ERIC Number: ED347935
Record Type: RIE
Publication Date: 1992-Apr-20
The Role of Women's Studies in Fostering Women's Educational and Career Prestige Aspirations.
Bayley, Linda J.
This paper presents a study that investigated the significant differences between black (n=157) and white (n=1,307) women's aspirations relative to their participation in Women's Studies. The status of women students' career and educational aspirations was assessed upon college entry and again 4 years later. Students were asked to report: (1) the highest formal academic degree they plan to acquire; and (2) their top career choice from a list of 44 career and occupational fields. It was found that participation in Women's Studies coursework significantly impacted occupational prestige aspirations differentially by race. Multivariate analyses for the career prestige measure indicated that there is a strong interaction effect for career prestige by race and by participation in Women's Studies Coursework; black women participants made substantial gains over other groups in the study, while the occupational aspirations of black non-participants declined. White women participants entered college with higher prestige aspirations than white non-participants. There was no significant difference in aspirational decline over college between participants and non-participants. Contains 32 references. (GLR)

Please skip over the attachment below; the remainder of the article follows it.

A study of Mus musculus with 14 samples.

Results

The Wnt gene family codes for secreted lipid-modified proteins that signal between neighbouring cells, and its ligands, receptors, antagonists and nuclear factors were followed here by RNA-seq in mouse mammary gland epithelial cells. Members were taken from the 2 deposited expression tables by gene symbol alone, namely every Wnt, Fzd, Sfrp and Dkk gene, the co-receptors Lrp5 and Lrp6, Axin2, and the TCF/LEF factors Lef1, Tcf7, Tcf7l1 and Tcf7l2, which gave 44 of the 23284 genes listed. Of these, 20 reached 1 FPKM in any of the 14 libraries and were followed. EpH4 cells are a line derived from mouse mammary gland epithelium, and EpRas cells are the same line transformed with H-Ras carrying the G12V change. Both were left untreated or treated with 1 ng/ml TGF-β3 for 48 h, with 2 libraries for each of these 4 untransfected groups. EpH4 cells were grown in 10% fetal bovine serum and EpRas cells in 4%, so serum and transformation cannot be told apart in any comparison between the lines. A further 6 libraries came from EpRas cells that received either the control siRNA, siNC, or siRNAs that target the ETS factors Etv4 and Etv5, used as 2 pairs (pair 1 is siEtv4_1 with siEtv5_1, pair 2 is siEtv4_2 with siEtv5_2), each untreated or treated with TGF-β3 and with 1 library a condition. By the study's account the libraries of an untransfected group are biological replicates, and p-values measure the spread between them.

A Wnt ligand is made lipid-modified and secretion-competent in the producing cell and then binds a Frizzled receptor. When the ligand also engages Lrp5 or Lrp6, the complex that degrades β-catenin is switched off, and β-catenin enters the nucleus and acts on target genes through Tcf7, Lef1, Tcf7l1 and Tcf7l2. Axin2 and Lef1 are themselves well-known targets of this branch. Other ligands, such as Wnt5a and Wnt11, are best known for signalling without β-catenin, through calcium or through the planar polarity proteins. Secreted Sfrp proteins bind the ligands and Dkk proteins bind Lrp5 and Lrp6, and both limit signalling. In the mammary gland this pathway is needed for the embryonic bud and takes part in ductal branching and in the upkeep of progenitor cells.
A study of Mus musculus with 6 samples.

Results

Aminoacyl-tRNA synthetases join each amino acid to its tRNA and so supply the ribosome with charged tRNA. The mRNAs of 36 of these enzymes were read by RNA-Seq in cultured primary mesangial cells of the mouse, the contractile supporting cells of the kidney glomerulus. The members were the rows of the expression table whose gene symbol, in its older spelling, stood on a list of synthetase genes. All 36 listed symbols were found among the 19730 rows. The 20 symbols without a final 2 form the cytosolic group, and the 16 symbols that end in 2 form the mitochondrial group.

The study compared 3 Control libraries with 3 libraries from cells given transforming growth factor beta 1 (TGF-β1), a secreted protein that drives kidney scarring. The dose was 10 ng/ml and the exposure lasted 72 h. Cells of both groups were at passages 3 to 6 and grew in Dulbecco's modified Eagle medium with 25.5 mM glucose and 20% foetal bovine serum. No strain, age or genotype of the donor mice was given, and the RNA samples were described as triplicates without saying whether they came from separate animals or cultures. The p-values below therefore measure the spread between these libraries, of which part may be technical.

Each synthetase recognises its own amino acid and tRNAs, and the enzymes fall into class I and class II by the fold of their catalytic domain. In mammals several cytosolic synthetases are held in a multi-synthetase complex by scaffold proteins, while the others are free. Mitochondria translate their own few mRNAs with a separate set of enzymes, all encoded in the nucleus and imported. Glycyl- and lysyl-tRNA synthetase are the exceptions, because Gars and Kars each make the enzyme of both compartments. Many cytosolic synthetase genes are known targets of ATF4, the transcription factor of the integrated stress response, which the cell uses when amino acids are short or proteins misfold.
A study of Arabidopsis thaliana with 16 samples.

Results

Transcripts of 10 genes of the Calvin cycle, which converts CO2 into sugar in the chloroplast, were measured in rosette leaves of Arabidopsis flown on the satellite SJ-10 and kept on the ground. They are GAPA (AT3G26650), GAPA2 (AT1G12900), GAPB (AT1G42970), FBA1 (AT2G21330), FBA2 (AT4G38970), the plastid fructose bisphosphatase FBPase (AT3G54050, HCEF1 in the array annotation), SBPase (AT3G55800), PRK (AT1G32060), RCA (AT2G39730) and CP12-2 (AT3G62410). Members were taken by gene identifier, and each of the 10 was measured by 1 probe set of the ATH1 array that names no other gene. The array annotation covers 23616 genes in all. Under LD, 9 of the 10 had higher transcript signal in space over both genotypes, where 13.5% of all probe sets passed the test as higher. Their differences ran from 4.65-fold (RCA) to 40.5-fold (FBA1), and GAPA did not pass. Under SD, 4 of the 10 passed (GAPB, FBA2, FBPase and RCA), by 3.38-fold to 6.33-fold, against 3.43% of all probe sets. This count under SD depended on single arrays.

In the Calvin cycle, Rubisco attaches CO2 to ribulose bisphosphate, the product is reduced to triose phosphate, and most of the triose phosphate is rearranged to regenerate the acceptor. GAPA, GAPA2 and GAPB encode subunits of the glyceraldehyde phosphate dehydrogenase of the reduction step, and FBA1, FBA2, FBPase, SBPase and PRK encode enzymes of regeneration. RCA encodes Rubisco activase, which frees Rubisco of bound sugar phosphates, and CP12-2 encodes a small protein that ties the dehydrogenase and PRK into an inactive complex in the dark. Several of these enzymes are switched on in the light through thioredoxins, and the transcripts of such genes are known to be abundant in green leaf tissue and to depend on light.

Descriptors: Academic Achievement, Achievement Need, Aspiration, Black Students, Career Choice, College Freshmen, College Students, Comparative Analysis, Females, Goal Orientation, Higher Education, Longitudinal Studies, Multivariate Analysis, Racial Differences, Sex Differences, Student Educational Objectives, White Students, Womens Studies
Publication Type: Reports - General
Education Level: N/A
Authoring Institution: N/A
Note: For a related document, see HE 025 699.